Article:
Smells like team spirit

Sebastian Groes, Professor in English Literature, blogs about how his recent research project has put the Black Country back on the map by exploring the link between smell and memory.

For the English Language and Literature submission to REF2021, my colleague in Creative Writing, Dr R. M. Francis and I submitted the Impact Case Study Writing the Black Country: Changing perceptions and reimagining marginalised communities through cultural networking and public engagement. 

Our aim was to bring regional Black Country research to international prominence to help the public reconsider negative prejudices in their opinions of the West Midlands. Together with a network of collaborators and partners, the Centre for Transnational and Transcultural Research opens up imaginative, positive futures for the Black Country. 

At the heart of our strategy is critical-creative thinking.  We promote our literary research – including novels by Dr Lisa Blower and R. M. Francis, but also place-based research by Dr Aidan Byrne – at literary festivals around the country, for instance.  But we also developed a unique project that explores the role of the senses – and especially smell – in the cultural memory of the Black Country.  Francis, and our colleague in Psychology Dr Tom Mercer and I organised the ‘Snidge Scrumpin’ experiments in 2018 and 2019 as well as the Making Sense of the Black Country walk for the Being Human Festival.  

The research was a great hit! People loved to smell and identify (well, try to – humans are not good at naming smells) odours from a specific part of the world.  There was something dangerous, exciting about sticking your nose in small tubs with carefully prepared (artificial) smells.  But people also loved it because it created a new way is understanding their world – sniffing your familiar house and town out with your nose.  It was a completely new way of understanding your life.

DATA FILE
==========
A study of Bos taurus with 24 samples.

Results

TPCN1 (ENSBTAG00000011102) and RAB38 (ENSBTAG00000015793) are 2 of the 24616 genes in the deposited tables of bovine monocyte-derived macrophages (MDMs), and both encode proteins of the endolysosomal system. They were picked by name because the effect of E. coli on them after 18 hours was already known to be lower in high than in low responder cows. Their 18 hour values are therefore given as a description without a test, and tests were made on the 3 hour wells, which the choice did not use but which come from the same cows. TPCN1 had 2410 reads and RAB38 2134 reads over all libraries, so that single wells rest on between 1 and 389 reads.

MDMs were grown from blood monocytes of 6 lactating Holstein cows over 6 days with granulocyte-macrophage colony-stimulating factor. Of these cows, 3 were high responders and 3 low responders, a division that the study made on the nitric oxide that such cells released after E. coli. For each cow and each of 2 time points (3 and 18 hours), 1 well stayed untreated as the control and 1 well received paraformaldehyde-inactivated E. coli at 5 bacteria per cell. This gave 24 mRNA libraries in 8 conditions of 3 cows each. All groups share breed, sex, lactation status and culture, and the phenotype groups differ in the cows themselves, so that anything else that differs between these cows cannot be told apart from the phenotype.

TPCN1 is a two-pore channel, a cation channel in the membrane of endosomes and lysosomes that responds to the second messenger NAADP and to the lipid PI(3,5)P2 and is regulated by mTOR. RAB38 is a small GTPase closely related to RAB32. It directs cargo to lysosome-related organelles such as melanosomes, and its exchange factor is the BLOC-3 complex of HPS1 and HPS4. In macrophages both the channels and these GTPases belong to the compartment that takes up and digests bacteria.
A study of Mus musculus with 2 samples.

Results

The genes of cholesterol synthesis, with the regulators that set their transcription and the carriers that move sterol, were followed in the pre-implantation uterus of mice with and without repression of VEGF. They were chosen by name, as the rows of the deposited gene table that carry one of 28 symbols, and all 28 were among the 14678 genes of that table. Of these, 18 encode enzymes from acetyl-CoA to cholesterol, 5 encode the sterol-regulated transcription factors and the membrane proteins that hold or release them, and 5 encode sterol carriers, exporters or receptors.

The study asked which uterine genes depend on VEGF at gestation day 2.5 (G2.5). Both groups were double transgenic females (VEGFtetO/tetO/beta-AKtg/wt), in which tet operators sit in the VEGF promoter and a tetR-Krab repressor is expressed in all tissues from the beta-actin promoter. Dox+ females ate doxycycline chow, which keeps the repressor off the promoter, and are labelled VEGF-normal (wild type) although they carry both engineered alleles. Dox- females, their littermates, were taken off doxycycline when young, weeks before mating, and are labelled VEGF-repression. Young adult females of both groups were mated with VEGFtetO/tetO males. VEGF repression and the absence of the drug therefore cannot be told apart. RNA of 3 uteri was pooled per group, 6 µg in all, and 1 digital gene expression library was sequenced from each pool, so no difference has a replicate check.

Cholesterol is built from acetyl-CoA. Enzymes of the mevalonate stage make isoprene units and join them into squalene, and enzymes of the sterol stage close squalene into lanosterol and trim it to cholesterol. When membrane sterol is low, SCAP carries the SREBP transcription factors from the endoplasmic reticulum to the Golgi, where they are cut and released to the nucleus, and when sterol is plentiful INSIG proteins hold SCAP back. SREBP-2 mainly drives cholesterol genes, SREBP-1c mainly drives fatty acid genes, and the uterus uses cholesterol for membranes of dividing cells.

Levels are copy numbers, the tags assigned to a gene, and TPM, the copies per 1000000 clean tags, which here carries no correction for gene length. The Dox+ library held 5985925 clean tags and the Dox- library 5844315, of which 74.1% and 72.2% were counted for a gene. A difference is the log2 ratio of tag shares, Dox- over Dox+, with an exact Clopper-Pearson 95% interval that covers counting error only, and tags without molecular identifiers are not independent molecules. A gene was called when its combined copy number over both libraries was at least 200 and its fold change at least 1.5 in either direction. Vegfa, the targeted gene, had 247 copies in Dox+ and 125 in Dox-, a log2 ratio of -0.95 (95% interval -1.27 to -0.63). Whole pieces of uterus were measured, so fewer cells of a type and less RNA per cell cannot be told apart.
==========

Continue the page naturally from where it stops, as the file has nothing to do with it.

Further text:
We took the experiments from the West Midlands to London, Amsterdam and then Romania – and now that the pandemic is over, we’re scheduled to do more smell & identify experiments in Ireland. 

A local experiment soon gained an international reputation, which Francis and I set down in our book Smell, Memory, and Literature and in the Black Country (2021), a collection of creative writing and critical essays. Our research impacted on the local population, which saw itself in a new, positive light. In addition, we also stimulated cultural tourism and the quality of the tourist experience of visitors of the Black Country Living Museum as we informed professionals’ curation, the conceptualisation of the Museum’s spaces as well as programming practices.  We were invited to various events to disseminate our findings and inform practice, for instance, to the UK Fragrance Forum, and an international event bringing together people from the perfume industry.    

Speaking of the pandemic, we soon realised, as people were losing their sense of smell when they got infected by the coronavirus, that our aim to promote the importance of smell had a whole new significance.  Covid infections (especially in the case of the first few variants) is associated with temporary anosmia, which is the phenomenon whereby people lose their sense of smell.  The impact of anosmia is associated with depression and a sense of isolation and you feel increasingly disconnected from your food and your familiar surroundings.  Losing your sense of smell is extremely alienating, as many of us now know.  Therefore, together with a number of academic and industry partners, we are now developing a nationwide Olfactory Map that aims to promote smell awareness and help people to regain their sense of smell via a new olfactory training programme. 

It's an example of how a modest idea can start to lead its own life and suddenly turn into a major project that is of major importance to the world.  I’ve been very proud to see ‘Snidge Scrumpin’ put University of Wolverhampton’s research – as well as this increasingly vibrant, creative part of the United Kingdom – on the international map.

You can find out more about how the School of Humanities’ research impacts the world at our Research Centre’s website and on our YouTube channel.